More than 30,000 people have been to see the works of Banksy in Auckland and the exhibition has proved so popular opening hours are being extended.

The Aotea Centre will be open from 10am to 10pm on February 2 and 3 before closing for good on February 6.

People who have pre-purchased tickets were urged to redeem them as soon as possible to avoid missing out as daily numbers are strictly limited.

Some of the 80 featured works will never be seen again, including one massive piece of street art featuring street kids in LA erecting a flag on a burned out car, a parody of the famous Battle of Iwo Jima photograph featuring American soldiers in Japan.


"We don't want anyone missing out," he said.

Exhibition organiser Steve Swift puts the final touches to the Art of Banksy exhibition at the Aotea Centre, Auckland. Photo / Michael Craig.
Exhibition organiser Steve Swift puts the final touches to the Art of Banksy exhibition at the Aotea Centre, Auckland. Photo / Michael Craig.

"People will be able to come after work on those days plus it's the weekend before Waitangi Day. Just saying, make it a long long weekend and visit Auckland and the exhibition."

Part of the reason Macpherson thought the exhibition had been so successful was because Banksy's messaging resonated with New Zealanders' strong social conscience.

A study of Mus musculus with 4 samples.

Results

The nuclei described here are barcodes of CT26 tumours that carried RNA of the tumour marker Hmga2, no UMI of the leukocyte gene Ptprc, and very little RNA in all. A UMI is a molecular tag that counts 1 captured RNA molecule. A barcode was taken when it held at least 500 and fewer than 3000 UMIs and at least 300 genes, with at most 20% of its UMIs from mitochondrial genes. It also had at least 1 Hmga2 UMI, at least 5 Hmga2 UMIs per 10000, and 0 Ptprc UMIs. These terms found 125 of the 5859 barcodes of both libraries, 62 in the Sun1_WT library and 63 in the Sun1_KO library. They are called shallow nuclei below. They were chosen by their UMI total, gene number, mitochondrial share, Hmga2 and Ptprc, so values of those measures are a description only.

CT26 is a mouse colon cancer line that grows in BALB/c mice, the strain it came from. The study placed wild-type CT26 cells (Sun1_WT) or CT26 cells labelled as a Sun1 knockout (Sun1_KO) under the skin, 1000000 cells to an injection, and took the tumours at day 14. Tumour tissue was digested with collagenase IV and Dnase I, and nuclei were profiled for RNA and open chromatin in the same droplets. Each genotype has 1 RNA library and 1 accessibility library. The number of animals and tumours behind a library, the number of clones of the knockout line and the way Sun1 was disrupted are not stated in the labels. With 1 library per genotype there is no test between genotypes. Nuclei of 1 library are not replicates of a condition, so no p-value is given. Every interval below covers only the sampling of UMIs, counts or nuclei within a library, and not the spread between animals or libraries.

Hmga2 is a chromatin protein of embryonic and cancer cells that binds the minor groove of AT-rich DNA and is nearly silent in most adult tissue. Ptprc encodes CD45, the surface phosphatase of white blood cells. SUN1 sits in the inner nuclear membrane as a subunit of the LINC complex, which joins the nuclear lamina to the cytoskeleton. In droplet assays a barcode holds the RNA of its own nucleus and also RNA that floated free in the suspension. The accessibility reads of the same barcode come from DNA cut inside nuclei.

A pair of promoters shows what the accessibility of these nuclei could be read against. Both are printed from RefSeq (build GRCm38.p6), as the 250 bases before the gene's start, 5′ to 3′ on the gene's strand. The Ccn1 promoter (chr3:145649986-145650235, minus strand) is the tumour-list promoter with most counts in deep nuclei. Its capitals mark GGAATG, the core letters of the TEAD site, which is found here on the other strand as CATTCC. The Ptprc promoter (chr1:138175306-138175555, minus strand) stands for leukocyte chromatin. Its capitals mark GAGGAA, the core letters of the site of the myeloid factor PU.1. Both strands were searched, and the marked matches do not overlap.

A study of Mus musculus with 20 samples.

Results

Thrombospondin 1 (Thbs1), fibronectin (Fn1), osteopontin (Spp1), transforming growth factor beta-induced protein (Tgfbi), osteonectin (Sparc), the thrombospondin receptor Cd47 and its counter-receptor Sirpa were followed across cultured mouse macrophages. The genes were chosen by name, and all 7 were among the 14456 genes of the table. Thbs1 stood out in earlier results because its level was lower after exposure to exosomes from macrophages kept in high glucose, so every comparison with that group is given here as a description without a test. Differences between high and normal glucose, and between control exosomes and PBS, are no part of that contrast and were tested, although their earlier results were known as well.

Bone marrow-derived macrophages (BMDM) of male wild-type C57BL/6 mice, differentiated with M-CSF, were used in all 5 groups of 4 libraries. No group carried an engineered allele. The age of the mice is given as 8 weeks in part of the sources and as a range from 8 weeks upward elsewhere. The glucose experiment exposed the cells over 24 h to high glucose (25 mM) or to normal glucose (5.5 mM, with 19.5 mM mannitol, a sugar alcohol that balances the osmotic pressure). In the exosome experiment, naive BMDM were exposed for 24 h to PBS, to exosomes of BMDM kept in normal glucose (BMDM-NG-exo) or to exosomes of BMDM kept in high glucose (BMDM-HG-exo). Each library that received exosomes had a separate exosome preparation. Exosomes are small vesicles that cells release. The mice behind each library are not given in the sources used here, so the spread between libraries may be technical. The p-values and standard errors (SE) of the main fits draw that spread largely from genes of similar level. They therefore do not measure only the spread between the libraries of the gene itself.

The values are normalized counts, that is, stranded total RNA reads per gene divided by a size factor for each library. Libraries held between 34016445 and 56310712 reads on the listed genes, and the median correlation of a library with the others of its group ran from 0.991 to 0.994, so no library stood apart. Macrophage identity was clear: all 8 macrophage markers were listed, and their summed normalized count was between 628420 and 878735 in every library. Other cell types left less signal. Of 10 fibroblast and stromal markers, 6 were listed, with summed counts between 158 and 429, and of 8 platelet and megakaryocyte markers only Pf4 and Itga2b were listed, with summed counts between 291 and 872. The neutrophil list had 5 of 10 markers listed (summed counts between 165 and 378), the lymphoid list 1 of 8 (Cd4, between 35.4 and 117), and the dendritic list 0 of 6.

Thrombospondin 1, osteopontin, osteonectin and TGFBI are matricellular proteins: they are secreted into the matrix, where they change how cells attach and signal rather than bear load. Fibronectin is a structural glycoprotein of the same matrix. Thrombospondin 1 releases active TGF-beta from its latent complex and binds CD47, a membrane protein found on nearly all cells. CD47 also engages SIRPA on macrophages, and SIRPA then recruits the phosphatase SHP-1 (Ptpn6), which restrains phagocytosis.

"As Kiwis, we're not afraid to stick it to the establishment. To stand up for social justice. Make statements on global issues. Be a big voice in a small body. To me, Banksy encapsulates everything we stand for."

The exhibition, curated by the artist's former manager Steve Lazarides, displays the largest collection of Banksy's works, including the famous painting of the girl with the red balloon, known as Girl and Balloon, the controversial work Laugh Now – a famous graffiti piece that depicts a monkey with a sign hanging from his neck with the words: "Laugh now, but one day we'll be in charge."

On loan from private collectors from throughout the world, the collection is worth $40 million.

Tickets are on sale today via Ticketmaster. A booking fee applies.